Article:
It’s coming to the end of another year and, as is usual in the world of employment law, a lot has happened. Here we look back at some of the most important or memorable developments in employment law and HR in 2021.
Covid restrictions and the end of furlough
It was another year living in the shadow of a pandemic. Businesses opened and shut and opened again. We worked from home, we went back to the office, we worked from home ….and we are still working from home. Businesses had to adapt to this new way of working as well as keep up with ever changing government guidance and restrictions. Some fared better than others with many struggling to keep afloat in the face of constant uncertainty and change.
Then there was the furlough scheme which, originally launched in March 2020, finally came to an end on 30 September 2021 and with it, the end of employment for many, as businesses could no longer continue to pay their wages without government support.
But it was not all doom and gloom. The furlough scheme helped prevent thousands of job losses and the requirement for staff to work from home meant that, for the first time, employers and employees alike got to experience a different way of working. For some it turned out to be something of a revelation – with many businesses deciding to make hybrid working a permanent feature for their staff.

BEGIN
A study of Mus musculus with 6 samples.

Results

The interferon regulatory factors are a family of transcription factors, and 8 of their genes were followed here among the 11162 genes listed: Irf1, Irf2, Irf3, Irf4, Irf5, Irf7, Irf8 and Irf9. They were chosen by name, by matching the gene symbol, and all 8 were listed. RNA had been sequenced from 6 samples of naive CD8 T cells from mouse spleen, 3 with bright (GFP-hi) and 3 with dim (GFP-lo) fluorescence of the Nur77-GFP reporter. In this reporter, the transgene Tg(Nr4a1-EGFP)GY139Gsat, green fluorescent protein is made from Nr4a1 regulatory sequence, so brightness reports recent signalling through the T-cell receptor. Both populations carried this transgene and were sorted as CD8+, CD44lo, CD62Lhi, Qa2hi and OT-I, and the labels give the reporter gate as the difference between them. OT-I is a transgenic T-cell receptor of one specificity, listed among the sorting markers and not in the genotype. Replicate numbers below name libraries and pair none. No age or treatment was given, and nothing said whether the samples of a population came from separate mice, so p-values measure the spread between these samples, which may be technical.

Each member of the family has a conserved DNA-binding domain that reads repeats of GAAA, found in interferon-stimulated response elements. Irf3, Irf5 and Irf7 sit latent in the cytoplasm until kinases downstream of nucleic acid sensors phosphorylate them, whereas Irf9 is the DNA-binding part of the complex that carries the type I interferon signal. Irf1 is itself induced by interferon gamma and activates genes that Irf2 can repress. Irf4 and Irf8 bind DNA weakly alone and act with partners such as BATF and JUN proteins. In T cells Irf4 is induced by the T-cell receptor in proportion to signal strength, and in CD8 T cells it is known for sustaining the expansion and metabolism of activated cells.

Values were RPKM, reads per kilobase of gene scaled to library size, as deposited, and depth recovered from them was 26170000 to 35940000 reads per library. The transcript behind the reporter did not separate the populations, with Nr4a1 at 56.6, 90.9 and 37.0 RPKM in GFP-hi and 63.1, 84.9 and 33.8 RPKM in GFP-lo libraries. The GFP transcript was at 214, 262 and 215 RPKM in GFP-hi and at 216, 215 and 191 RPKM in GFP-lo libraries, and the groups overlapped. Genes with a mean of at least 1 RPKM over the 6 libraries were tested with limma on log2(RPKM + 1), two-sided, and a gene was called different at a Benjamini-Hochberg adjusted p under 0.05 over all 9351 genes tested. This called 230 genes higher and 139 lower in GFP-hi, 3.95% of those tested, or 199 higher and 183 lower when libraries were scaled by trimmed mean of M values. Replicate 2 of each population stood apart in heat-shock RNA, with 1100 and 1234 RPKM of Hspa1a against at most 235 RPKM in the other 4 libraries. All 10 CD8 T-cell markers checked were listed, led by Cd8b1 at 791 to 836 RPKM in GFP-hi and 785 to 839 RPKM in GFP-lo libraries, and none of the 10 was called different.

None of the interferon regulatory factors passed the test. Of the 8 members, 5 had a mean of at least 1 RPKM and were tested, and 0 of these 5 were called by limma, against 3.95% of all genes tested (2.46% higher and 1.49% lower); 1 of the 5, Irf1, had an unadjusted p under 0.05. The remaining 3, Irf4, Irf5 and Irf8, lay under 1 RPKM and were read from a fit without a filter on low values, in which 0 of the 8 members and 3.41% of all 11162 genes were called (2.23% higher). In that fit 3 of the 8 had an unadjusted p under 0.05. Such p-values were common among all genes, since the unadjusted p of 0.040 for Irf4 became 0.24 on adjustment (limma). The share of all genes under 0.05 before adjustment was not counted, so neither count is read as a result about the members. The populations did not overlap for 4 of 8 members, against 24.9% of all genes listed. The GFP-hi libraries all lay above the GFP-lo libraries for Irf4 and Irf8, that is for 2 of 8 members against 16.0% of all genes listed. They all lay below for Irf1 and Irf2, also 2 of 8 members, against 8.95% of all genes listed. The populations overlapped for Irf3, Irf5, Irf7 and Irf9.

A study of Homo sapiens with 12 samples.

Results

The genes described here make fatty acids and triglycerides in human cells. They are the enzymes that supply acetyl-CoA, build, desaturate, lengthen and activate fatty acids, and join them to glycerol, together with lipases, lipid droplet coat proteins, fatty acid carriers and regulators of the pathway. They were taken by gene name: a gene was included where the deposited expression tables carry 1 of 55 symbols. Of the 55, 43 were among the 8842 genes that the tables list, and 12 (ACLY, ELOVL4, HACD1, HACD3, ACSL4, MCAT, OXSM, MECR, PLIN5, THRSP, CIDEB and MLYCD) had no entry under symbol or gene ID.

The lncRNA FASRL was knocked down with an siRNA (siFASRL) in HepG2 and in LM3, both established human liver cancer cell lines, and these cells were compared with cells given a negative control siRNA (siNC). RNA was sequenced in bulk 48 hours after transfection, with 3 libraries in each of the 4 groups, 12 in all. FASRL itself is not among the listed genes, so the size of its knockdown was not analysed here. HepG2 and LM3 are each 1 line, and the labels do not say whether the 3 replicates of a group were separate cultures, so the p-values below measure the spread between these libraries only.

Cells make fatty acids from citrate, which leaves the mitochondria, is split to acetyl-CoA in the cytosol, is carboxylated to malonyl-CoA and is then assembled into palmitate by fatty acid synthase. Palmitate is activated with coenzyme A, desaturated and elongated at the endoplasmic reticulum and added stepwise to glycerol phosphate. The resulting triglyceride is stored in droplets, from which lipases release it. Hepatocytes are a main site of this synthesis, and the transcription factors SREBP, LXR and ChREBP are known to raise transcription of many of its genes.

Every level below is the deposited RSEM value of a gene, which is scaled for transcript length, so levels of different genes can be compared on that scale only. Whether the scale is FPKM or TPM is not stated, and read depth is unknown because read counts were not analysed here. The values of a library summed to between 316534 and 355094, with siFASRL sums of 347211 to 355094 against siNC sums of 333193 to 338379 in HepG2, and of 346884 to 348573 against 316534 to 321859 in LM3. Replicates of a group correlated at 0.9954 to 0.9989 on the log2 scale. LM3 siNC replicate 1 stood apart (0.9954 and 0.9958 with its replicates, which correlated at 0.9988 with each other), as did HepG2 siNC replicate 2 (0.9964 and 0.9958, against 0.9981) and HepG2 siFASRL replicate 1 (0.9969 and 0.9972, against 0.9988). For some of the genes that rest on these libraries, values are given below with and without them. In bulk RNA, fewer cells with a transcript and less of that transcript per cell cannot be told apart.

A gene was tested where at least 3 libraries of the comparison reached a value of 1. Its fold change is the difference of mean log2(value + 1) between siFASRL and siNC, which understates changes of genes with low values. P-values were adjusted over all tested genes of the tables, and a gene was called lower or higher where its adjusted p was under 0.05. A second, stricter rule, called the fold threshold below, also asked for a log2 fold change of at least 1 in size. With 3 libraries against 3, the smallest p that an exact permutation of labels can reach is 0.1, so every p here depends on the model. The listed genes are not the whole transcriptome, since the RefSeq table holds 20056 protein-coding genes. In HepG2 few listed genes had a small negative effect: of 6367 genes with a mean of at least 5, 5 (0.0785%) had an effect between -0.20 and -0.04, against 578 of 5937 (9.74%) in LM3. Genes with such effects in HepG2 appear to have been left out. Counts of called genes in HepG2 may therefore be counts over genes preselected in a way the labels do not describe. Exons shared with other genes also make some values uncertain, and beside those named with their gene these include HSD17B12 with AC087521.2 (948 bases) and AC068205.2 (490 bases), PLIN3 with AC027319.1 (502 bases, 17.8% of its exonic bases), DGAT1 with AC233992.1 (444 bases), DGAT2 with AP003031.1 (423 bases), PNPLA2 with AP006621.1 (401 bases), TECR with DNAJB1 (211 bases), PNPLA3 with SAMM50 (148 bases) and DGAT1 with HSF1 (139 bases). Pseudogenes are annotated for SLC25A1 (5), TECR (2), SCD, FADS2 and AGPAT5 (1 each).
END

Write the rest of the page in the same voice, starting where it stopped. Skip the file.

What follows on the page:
With so many people working from home for the first time, the debate about flexible working took on a new intensity. Everywhere you turned, people were talking about hybrid working and the benefits of a better work/life balance.
The government “think tanks” got caught up in the maelstrom and launched a consultation on “making flexible working the default”- a proposal that employees from day one of employment may be able to make a statutory request for flexible working (currently employees need 26 weeks’ continuous employment).
We at Real Employment Law Advice reported on this consultation and throughout 2021 we provided guidance and updates to our readers through our fortnightly newsletters on this growing trend.
Vaccination – mandatory or voluntary?
Who could forget the single most important development of the year – the introduction of the Covid Vaccine! And who could have envisaged what a controversial topic this would become. Employers battled with the dilemma of whether or not to make the vaccine mandatory among staff – remember the boss of Pimlico Plumbers, Charlie Mullins, announcing his “no jab -no job” policy back in June 2021? After the debate died down a bit, most employers decided not to mandate the vaccine but make it voluntary among staff, except for those where it was necessary from a health and safety perspective.
For owners of care homes, however, the choice was not theirs to give – on 11 November 2021 it became law that anyone working or volunteering in a care home had to be fully vaccinated against coronavirus (COVID-19), unless exempt. Hundreds of care workers left their jobs, refusing to have a vaccine. The law delivered a blow to an industry where staff shortages were already rife, but it was considered an essential step to provide the best protection possible from the virus both for staff and care home residents.